No change in asthma medication use after transition to high-deductible health plan
Transition to a high-deductible health plan that largely exempted medications from the deductible was associated with minimal or no change in use of asthma controllers and exacerbations among children and adults with persistent asthma.
“Evidence about high-deductible health plans comes mostly from adult-focused studies and whether these findings can be applied to children is unclear,” Alison A. Galbraith, MD, MPH, associate professor in the department of population medicine at Harvard Pilgrim Health Care Institute at Harvard Medical School, and colleagues wrote in JAMA Pediatrics. “Some studies suggest that children are protected from reductions in care due to cost, whereas others have found that both children and adults are vulnerable.”
The longitudinal cohort study used 2002-2014 data from a large national, commercial administrative claims database. The researchers identified children and adults with persistent asthma who switched from traditional health care plans to high-deductible health plans, of which most exempted asthma medications from the deductible, or continued with traditional plans by employer choice for at least 24 months.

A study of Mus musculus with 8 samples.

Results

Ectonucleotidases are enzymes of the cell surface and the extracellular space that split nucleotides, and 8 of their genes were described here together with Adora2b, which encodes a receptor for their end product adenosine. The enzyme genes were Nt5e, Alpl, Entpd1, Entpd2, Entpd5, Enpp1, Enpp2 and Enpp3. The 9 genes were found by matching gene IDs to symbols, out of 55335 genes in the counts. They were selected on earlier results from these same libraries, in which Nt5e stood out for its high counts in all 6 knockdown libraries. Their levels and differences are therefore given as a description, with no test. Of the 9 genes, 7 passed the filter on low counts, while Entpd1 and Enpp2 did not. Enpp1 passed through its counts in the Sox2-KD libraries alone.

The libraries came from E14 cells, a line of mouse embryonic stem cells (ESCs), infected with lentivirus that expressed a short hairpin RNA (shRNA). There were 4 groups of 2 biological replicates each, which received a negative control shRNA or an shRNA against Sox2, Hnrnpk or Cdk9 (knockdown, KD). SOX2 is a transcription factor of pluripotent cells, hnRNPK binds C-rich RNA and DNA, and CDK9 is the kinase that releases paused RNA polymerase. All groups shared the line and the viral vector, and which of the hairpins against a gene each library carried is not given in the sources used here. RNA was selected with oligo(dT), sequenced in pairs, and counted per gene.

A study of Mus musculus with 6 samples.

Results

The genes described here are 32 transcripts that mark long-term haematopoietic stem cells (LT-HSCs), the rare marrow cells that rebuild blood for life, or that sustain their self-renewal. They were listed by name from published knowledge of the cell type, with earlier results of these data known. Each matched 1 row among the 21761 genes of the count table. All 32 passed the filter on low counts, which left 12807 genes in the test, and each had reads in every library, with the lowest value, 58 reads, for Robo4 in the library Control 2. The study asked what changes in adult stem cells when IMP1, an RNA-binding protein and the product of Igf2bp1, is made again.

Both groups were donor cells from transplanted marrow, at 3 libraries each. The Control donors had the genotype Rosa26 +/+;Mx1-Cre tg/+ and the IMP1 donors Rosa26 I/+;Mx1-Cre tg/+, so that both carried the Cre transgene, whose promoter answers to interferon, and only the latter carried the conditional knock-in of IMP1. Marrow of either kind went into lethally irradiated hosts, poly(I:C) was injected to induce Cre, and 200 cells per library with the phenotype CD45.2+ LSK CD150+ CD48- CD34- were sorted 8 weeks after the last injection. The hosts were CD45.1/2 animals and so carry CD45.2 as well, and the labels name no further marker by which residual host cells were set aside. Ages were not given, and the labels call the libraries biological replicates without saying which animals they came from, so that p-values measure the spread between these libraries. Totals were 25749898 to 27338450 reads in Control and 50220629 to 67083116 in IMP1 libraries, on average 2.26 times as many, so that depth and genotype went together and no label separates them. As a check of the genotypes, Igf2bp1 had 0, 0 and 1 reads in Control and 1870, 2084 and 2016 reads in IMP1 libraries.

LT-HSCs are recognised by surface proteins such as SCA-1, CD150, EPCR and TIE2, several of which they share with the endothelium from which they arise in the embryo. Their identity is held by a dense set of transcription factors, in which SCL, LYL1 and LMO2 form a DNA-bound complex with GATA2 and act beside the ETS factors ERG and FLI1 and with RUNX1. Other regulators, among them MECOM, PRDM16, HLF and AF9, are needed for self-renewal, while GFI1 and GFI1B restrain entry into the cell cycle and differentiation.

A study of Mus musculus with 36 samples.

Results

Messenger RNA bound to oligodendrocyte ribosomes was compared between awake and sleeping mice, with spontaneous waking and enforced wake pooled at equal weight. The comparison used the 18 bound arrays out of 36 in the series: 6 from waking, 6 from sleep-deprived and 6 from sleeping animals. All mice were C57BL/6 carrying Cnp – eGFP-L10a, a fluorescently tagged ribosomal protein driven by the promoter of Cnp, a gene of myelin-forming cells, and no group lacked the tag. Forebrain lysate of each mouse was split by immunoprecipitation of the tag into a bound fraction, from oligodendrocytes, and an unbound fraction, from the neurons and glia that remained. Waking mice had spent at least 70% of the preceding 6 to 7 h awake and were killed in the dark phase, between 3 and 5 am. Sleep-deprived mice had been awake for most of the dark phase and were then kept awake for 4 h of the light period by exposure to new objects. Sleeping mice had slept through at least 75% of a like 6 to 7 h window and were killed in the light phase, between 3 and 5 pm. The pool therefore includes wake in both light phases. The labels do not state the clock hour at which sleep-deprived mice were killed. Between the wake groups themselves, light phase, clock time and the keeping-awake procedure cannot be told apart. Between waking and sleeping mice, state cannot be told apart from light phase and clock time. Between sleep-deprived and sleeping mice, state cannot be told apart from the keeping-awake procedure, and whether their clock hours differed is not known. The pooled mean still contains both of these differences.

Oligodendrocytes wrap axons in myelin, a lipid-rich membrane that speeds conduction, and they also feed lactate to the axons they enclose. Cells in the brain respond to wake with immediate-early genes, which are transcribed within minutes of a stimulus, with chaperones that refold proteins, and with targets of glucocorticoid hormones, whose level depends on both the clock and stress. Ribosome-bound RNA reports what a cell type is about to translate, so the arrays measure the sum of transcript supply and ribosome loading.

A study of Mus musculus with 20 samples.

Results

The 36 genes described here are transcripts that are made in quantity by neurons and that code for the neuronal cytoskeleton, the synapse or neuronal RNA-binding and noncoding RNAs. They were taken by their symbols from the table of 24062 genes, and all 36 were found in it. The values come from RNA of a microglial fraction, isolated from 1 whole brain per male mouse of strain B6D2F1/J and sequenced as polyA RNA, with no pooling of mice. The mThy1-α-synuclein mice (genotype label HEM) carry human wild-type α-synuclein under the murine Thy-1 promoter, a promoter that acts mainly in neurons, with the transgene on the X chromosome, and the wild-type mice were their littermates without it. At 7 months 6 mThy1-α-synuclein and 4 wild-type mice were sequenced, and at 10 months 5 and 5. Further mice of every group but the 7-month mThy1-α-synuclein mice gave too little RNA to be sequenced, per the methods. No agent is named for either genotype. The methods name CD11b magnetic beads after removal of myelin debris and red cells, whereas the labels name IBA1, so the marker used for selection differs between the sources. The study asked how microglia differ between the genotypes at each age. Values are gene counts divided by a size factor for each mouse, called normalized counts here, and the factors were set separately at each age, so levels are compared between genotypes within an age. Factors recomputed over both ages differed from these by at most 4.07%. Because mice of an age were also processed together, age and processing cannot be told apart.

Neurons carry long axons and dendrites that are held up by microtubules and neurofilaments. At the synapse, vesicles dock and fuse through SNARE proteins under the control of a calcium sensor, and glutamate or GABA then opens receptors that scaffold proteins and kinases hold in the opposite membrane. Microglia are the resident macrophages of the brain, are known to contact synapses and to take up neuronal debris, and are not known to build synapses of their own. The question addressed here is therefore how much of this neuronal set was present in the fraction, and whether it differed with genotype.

The high-deductible health plan group included 7,275 children (mean age, 10.8 years; 60.5% boys) and 17,614 adults (mean age, 41.1 years; 59.4% women) who were matched with 45,549 children and 114,141 adults who served as a control group.
The primary outcome was 30-day fill rates and medication adherence for asthma controller medications, which included inhaled corticosteroids (ICS), leukotriene inhibitors and ICS-long-acting beta agonists. Secondary outcomes included asthma exacerbation rates and asthma-related ED visits.
The researchers reported significant decreases in annual 30-day fill rates for ICS-LABA medications in children who switched to high-deductible health plans compared with the control group (absolute change, –0.04; 95% CI, –0.07 to –0.01). However, there were no significant reductions in 30-day fill rates for any asthma controller medications in adults who switched to high-deductible health plans.
In addition, the researchers reported a significant decrease in proportion of days covered for ICS-LABA controller medications among the 9.9% of high-deductible health plan enrollees with health savings account-eligible high-deductible health plans that subjected medications to the deductible compared with the control group (–4.8%; 95% CI, –7.7 to –1.9), the researchers wrote.
There were no significant differences in the proportion of days covered, oral steroid bursts or asthma-related ED visits for children or adults in this study.
“As the prevalence of high-deductible health plans continues to increase, these findings suggest that high-deductible health plan enrollment may not be associated with negative outcomes in some situations, for example, when medications are exempt from the deductible or for those with low baseline asthma controller use,” the researchers wrote. “These findings suggest value-based designs as an approach for policymakers, payers and families in the quest for balance affordable coverage with access to necessary asthma care.”